Fourteen Republican senators voted for legislation granting amnesty for ILLEGAL immigrants before securing the border. Furthermore, the bill fails to provide interior enforcement. In addition, it grants the Executive Branch waivers and discretion that would allow for ignoring Congressional intent.
Lamar Alexander - TennesseeWhat are they thinking?
Kelly Ayotte - New Hampshire
Jeffrey Chiesa - New Jersey
Susan Collins - Maine
Bob Corker - Tennessee
Jeff Flake - Arizona
Lindsey Graham - South Carolina
Orrin Hatch - Utah
Dean Heller - Nevada
John Hoeven - North Dakota
Mark Kirk - Illinois
John McCain - Arizona
Lisa Murkowski - Alaska
Marco Rubio - Florida
Read Ron Johnson's comments on the immigration bill vote:
Senator Ron Johnson (WI) released the following statement regarding his vote on S. 744, the Immigration Reform Bill:Once again, Ron Johnson delivers the right vote. His judgment is sound.
"America is a compassionate society, and no one wants to separate families by deporting moms and dads or husbands and wives. As a result, I support immigration reform and a path to legal status for people whose only crime was to enter the country illegally when they came here to work. I also recognize that our current immigration laws are not working – not for American workers, not for employers, and not for immigrants who want to come to America and play by the rules. That’s why I had hoped by the end of debate, I would be able to vote 'yes' to the immigration bill on the Senate floor.
"There are some good provisions in the Senate bill. The bill replaces the H-2A agriculture visa that has not worked with a much more workable system, affecting the 40 percent of dairy workers in Wisconsin who are immigrants. It also increases the caps for high-skilled workers, allowing this country to better compete in today’s global economy. The bill mandates E-Verify for the first time and takes important steps to clear today’s backlog, ending the ability to work here illegally and significantly easing the process to come to this country legally. However, much work remains.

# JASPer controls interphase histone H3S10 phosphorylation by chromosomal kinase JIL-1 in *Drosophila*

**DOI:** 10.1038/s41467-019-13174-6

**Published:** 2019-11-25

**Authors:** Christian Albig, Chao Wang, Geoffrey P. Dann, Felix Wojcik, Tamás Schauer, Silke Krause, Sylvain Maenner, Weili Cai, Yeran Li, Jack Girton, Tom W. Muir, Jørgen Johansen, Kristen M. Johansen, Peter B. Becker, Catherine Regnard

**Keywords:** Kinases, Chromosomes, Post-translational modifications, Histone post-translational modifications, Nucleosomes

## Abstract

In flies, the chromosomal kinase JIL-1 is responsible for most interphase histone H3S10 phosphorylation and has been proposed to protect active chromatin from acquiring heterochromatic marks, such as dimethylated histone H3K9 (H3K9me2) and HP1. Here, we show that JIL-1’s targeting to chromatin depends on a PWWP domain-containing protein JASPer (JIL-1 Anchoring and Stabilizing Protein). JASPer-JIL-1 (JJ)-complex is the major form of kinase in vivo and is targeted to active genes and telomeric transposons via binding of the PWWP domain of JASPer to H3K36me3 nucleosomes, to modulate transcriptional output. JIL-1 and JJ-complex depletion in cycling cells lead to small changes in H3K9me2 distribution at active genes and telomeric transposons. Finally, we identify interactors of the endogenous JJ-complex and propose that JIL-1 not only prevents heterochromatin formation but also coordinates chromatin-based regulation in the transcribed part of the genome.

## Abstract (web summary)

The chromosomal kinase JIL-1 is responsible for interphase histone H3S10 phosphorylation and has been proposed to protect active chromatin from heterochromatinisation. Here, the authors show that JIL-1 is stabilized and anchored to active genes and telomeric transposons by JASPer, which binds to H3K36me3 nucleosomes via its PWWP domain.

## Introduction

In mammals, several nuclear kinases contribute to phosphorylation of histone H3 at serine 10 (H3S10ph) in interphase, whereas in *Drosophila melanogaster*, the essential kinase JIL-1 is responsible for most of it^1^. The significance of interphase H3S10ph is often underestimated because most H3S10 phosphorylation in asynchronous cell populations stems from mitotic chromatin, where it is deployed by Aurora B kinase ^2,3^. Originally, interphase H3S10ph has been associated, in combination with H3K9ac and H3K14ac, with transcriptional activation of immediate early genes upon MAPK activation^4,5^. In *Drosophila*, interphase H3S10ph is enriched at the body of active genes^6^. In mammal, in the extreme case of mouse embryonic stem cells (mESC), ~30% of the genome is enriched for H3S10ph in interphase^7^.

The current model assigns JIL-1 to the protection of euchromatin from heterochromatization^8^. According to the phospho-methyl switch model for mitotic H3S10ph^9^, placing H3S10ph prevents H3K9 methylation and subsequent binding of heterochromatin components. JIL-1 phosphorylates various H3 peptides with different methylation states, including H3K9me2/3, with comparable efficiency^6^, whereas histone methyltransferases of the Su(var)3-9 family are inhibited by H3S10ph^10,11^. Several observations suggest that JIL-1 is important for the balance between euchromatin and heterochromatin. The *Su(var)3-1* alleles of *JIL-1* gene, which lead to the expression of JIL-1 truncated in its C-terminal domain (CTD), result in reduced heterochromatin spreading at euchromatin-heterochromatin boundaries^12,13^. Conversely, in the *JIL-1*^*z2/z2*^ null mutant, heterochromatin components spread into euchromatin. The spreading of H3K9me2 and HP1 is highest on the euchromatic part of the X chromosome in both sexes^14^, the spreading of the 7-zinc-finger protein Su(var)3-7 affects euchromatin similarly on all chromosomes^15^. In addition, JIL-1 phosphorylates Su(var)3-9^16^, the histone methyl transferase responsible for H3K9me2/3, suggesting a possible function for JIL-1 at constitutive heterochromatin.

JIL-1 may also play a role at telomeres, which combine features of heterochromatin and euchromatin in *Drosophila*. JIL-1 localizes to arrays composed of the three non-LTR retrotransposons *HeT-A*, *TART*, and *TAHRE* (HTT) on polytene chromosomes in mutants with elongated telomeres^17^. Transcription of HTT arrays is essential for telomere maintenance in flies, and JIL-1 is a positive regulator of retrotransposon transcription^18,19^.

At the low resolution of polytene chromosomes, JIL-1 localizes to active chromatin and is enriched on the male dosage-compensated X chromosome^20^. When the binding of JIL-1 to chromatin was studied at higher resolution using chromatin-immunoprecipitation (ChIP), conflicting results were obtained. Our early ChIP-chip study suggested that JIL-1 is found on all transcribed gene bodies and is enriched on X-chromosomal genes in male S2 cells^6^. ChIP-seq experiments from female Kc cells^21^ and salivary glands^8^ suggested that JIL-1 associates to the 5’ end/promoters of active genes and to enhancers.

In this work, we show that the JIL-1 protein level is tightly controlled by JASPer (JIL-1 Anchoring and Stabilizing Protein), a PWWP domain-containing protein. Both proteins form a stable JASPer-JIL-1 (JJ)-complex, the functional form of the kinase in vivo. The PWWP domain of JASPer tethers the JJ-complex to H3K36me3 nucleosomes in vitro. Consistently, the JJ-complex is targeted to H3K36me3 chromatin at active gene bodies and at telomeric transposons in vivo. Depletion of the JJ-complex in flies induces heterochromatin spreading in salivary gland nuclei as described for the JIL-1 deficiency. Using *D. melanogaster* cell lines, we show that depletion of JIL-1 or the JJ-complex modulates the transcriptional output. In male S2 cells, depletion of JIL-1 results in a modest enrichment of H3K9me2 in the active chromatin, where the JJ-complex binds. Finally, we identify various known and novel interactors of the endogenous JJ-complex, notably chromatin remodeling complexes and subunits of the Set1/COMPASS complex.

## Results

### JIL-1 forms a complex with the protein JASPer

"My bottom line in deciding whether or not I support this bill has always been that it must solve the problem. Unfortunately, I’ve come to the conclusion that it will not. The Congressional Budget Office (CBO) reaches this same conclusion in its evaluation of the underlying bill, finding that the bill will only reduce illegal immigration by 25 percent. That means an estimated 7.5 million more illegal immigrants will come to this country by 2033, recreating the uncertainty and fear in the next generation of children whose parents decide to come here illegally or overstay their visas.
"It’s not surprising that CBO reached this conclusion when you look at the amount of money we are spending on safety net benefits and other costs associated with this bill. CBO estimates that the bill will increase federal direct spending by $262 billion over the next 10 years. Most of those outlays would be for increases in refundable tax credits and in spending on health care programs for non U.S. citizens. That is why I introduced an amendment to prevent noncitizens from accessing the Earned Income Tax Credit. This amendment did not even get a vote, despite that fact that a recent National Journal poll found that 77 percent of all Americans oppose making newly legalized immigrants 'eligible for government benefits . . . before they become citizens.'
"Interior enforcement is as important as border security. Yet, this bill waters down our current entry/exit system that was outlined in 1996 and has not yet been enforced. While this bill purports to bolster border security, the legislation grants the Executive Branch, currently the Obama administration, over 200 waivers and grants of discretion on whether or how to implement the bill's specified elements. That is a fatal flaw. Presidents of both political parties are famous for ignoring Congressional intent when they have that choice. For decades, Presidents of both parties have refused to secure our border, and these waivers and discretions will continue that historical practice.
"I will not give up on immigration reform. As debate winds down in the Senate, I will work with my colleagues in the House toward a workable solution. I am voting 'no' this time around, but I truly hope that the bill we get to vote on after conference is significantly stronger and can ensure my support. Let’s solve the problem."